In a scene from the TV series Mad Men, the Draper family have gone out for a picnic in the Cadillac they just acquired on an instalment. The prefect nuclear family seem unusually easy-going, no tensions lurking, just the clear sky and the sun warming them in their spot in the forest.
Daddy Don is perhaps having one beer too many, but they are almost, well, happy. When it’s time to head back home, Don flings the beer can out of sight, into the bushes, as mommy Betty checks the kid’s hands: no dirt in the car please. She turns to shake the blanket so that paper napkins and litter spread across the grass in the leafy landscape. This is the last thing we see, as the Drapers drive off in their new car.
Without any large gestures, a glimpse opens to the bottomless folly that mankind blindly pursues. According to which, children must not get dirty while the world is transformed into a dump. As a viewer you realise, for a moment, that our time on earth will not end well.
These days, the existence of sprawling dumps is well established in our general consciousness – not the least since fashion and consumption has gone into exponential growth since the 1980s. Images of car scrap yards, plastic ocean islands and fashion deadstock bonfires haunt me increasingly as I move among human creativity and productivity: among designs, craft, styling, merchandising and shopping. That’s why you react so strongly to what the Draper family just cannot see in their aspirations to meet the 1960s ideal – the car and the disposable picnic ware. That’s why the heart sinks in front of the television: we have seen how it all gets worse.
That is the genius of Mad Men: to stage paradigm shifts and altered world-views, between the blinkered belief in progress from the 1960s and the state of emergency due to global warming in the 2010s, without any superfluous comments or unnecessary explanations. With a shifted worldview, nothing appears the same, every little detail takes on new meaning. You do not shake your blanket the same way anymore. There is no way to ignore what we now know and there is no way back.
Jean Piaget’s conceptual development psychology talks about experiences as interpreted perceptions. About how the interpretations become true through a comparison and construction in line with earlier experiences. As long as they fit together, new information can be assimilated with existing structures, earlier observations, thoughts or memories. We understand the new and what it means in an inner dialogue with ourselves. In relation to fashion, tailoring may be the biggest coming trend after seasons of streetwear and dad sneakers. This corresponds with the cycles of the fashion industry and how trends are followed by counter trends.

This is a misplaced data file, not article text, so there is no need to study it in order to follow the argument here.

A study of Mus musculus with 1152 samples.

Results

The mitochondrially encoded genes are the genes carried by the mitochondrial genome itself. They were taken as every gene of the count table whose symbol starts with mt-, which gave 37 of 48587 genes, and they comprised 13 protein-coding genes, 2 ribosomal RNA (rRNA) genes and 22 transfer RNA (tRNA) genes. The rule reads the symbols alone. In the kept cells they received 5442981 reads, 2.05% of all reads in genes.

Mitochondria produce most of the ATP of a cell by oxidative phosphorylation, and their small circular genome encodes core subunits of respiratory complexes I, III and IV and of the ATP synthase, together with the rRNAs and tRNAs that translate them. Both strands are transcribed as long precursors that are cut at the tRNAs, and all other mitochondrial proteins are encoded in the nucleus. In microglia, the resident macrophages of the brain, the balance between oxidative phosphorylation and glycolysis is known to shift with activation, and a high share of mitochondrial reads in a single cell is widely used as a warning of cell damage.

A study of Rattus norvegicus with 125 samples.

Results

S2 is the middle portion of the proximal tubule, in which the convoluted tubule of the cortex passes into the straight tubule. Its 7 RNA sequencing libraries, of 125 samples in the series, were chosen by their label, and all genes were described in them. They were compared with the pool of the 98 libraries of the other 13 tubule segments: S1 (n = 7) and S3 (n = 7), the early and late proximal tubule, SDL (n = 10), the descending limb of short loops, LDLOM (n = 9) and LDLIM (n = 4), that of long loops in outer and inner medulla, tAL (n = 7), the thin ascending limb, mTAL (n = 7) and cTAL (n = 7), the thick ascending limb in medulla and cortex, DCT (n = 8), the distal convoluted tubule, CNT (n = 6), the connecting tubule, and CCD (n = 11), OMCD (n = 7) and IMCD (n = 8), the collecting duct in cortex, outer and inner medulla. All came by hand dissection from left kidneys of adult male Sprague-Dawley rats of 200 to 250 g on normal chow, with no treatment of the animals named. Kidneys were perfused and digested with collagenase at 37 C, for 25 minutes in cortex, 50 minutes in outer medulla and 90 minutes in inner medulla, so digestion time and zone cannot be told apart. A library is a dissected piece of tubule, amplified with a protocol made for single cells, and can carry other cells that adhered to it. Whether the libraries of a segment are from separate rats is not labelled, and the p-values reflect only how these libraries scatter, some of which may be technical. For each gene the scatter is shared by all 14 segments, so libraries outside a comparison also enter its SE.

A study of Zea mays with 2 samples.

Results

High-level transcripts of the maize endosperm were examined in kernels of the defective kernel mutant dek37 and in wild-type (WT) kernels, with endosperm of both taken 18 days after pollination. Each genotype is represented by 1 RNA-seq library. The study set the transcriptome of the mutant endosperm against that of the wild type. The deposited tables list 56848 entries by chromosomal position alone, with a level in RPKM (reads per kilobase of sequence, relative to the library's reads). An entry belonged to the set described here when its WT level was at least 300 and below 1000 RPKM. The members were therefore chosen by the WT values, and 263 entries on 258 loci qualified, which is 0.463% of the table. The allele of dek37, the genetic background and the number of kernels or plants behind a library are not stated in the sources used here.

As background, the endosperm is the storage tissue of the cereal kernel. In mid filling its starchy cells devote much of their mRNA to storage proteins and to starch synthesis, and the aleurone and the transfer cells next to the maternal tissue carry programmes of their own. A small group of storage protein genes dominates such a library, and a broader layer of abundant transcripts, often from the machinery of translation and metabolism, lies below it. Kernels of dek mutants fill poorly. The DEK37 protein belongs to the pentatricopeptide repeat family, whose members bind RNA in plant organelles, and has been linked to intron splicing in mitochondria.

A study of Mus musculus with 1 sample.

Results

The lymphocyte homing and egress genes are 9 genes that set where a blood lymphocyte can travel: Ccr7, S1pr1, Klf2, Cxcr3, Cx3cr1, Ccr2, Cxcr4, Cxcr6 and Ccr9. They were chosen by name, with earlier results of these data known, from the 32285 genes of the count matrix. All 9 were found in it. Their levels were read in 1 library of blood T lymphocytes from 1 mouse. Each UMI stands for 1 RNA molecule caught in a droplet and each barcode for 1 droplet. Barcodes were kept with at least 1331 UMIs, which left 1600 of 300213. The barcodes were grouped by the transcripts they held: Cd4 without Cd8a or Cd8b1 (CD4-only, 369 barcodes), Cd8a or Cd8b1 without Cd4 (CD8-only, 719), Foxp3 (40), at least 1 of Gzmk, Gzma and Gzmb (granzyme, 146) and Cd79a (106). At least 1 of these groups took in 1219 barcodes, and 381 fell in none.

Feelings of contentment arise when concepts match. We turn off Mad Men, shake our heads, and sort out the rubbish into the correct recycling categories. However, if new information doesn’t add up with the existing structure, a conflict arises which causes discomfort. Every effort is therefore made to reduce it. So, we want to believe that clothes recycling is enough as a solution. Because the alternative is throwing away everything we believed in and with great anxiety rebuilding our world-views or our cognitive schemas, as Piaget calls them.
In fashion, in the studios, there are devices to break free from habitual perspectives. We study gaps and spaces, turn upside down, inside out, and investigate anew. Different and unexpected shapes occur. New details, signs and codes are created. But as you zoom out, the cognitive dissonance may still appear. A new collection – but why?
It is not just the endless dumps that are haunting. Sometimes, as I see the carrier bags being hauled through the shopping streets, I mostly see all the work those garments inside entail. There is something almost unhygienic about bringing home all those lifestyle items, having them collect dust, using up mental energy. The products are designed from an idea, to define a lifestyle, but sometimes it feels like they are eating life instead. I’m certainly taken by their beauty and the promise of a possible future. I believe in creativity, in the energy to change – as there must be change. But it doesn't appear that we understand how the concepts coexist. So, I’m looking for an image of the picnic we are on today.
I find it, partly, with the postmodernist Jean Baudrillard, who paints a dizzying contemporary existence where we seek objects in their capacity of being different and unique. According to Baudrillard, that capacity also makes the objects lose their relevance soon – really in no time at all. I think about how fashion is something that is about to be formulated, an idea, but as soon as it has been made into clothing, their status as fashion objects immediately start to decrease. The time and space that our objects exist within is therefore not the present, but the immediate past, or a delayed now, where they are constantly interchanged. As the exchange is accelerated, the objects become as ephemeral as words or images: ”Everything is in movement, everything shifts before our eyes, everything is continually being transformed – yet nothing really changes”, Baudrillard writes in the The System of Objects.
Nevertheless, I still believe that things can change – the postmodernists may be brilliant cultural critics but perhaps not as great as visionaries. I still hope for the capacity of fashion to imagine what is to come, to intuitively sketch the ambivalences and clashing world-views we carry. Simply, but with a certain élan, on the body, by a catwalk, during a fashion week.
So, we will sit in the front row next season, just like the last, waiting for the big shift to come. After the new look… will there be a completely novel way to dress and to carry oneself? A totally new attitude? Perhaps it will change everything. This is the season it all happens.